Vitamin vs. Aspirin: What Problem Is Your Venture Solving?

Is your product or service a “vitamin” or an “aspirin?” That is, does your product or service resolve an immediate pain point? Or does it increase performance in a way that may be difficult to see quickly? Essentially, what problem are you solving and how?

In this City University session, Josh and Kyle from City Innovations break down this often-used analogy about value proposition and prescribe the best fit for ventures. 


The “vitamin” vs. “aspirin” analogy really does speak for itself. You usually take vitamins to be a little proactive about your health. You want to feel better. You want to be better. But you take an aspirin when you’re hurting.

The same can be said about businesses and their offerings. “Aspirins” are demand-based businesses. Most people don’t need to be convinced to patron these kinds of businesses because they have an urgent (or painful) need that these businesses fulfill.

On the other hand, “Vitamins” are products and offerings that support longevity and vitality. They quietly improve or enhance an aspect of someone’s life. 

If your product or service is an “aspirin,” you likely won’t need to rely as heavily on advertising, but you’ll need to focus on the quality of your service. If your business is a “vitamin,” you’ll need to build a reputable brand with your product or service at the center. This analogy really takes into account the context of a market to understand the potential impact you could have and the strategy you need to follow to succeed in that space — especially as a startup.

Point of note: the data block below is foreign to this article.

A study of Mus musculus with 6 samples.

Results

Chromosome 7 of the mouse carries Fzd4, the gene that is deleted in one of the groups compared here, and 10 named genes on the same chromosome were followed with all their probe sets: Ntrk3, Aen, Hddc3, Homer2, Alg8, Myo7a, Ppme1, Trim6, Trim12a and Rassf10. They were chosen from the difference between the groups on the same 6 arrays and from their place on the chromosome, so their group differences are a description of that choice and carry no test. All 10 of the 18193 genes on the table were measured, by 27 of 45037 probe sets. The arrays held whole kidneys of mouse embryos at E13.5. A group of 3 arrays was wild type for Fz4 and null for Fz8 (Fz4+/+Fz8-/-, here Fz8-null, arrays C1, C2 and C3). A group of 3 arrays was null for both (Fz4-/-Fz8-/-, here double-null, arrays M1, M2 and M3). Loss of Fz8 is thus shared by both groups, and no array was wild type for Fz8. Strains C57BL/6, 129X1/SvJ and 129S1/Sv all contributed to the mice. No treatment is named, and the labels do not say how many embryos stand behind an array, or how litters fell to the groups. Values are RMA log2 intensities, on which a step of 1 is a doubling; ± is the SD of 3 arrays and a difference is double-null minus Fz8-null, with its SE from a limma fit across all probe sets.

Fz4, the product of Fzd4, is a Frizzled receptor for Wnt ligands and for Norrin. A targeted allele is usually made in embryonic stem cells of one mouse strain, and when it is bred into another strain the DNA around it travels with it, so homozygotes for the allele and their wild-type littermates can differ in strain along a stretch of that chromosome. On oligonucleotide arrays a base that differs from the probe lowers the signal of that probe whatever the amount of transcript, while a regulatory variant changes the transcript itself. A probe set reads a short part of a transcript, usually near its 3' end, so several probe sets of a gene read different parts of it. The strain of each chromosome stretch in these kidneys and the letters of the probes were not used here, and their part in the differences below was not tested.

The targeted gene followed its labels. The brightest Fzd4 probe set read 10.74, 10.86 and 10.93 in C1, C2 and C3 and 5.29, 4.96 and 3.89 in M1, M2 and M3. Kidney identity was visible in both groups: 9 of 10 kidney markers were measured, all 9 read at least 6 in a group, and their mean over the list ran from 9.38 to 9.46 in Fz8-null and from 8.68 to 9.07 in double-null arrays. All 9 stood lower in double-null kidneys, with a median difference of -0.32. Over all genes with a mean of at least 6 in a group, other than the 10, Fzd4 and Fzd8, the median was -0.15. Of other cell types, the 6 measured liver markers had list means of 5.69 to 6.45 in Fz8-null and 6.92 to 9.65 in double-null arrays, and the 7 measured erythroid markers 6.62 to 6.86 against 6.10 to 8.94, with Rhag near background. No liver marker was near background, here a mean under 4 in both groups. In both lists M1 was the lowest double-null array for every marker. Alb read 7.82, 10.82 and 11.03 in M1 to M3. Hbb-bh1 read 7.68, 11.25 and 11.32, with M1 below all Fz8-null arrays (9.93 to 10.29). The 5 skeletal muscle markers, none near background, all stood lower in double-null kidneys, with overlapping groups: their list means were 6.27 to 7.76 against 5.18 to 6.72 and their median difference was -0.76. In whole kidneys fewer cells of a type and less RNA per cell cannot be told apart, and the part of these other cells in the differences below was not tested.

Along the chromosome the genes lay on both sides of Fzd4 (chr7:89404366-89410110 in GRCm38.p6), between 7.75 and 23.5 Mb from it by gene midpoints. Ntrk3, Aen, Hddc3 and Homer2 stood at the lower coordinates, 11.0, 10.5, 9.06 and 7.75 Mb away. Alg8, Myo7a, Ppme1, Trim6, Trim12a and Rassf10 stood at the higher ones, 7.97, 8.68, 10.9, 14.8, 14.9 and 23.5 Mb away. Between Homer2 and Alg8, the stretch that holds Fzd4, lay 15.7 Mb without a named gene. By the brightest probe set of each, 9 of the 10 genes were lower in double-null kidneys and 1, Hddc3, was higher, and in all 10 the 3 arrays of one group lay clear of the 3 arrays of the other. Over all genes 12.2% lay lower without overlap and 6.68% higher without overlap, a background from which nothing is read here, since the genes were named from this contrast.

Nice to have or must have?

You should focus on solving a problem that people immediately pull out their wallets for. You want them to say, “This is what I’ve been looking for! This will solve my problem, big time.”

For many ventures, a big reason why they fail is because they create a “vitamin” business, product, or service — something that is “nice to have” but isn’t a “must have.” 

What’s the first thing to get cut out of the budget? Nice to haves. Ventures need to find a pain point, solve it, and build must-have products and services to succeed. 

This isn’t to say that “vitamin” products and services aren’t useful or that you should cast away your product or service because it falls into this category. “Vitamin” services and products help to improve performance. They provide a luxury, and there’s definitely a market for luxury products and services. 

A Real-Life Example

Consider this: You have the power to turn your “aspirin” product or service into a “vitamin” or vice versa. VOSS water is a perfect example. 

Water is a fundamental need. It would be considered an “aspirin.” But VOSS made their water into a “vitamin” by selling it as a premium product. VOSS water comes in thin, stylish, glass bottles and with a hefty price tag. But the creators of VOSS effectively took a commodity (an “aspirin”) and began marketing it as a luxury item (a “vitamin”) to increase its value. 

The Final Diagnosis

When it comes to your business or offering, what should you do? Should you be an “aspirin” or a “vitamin?” 

As a venture, it would be wise to start as an “aspirin.” First, solve your target market’s immediate problems. Then, grow and improve as a “vitamin” down the line.

At the end of the day, you need to do some deep market research and listen closely to your target market to find out what causes them pain and how you can solve it immediately (and in the long run). This sounds like a miracle pill, and that’s because it is. Your product or service offering should be a miracle pill for the right customer. 

The Rx: If you’re a venture in need of validating your idea, reach out to City Innovations today. We can help you build the right thing and get it to the right market.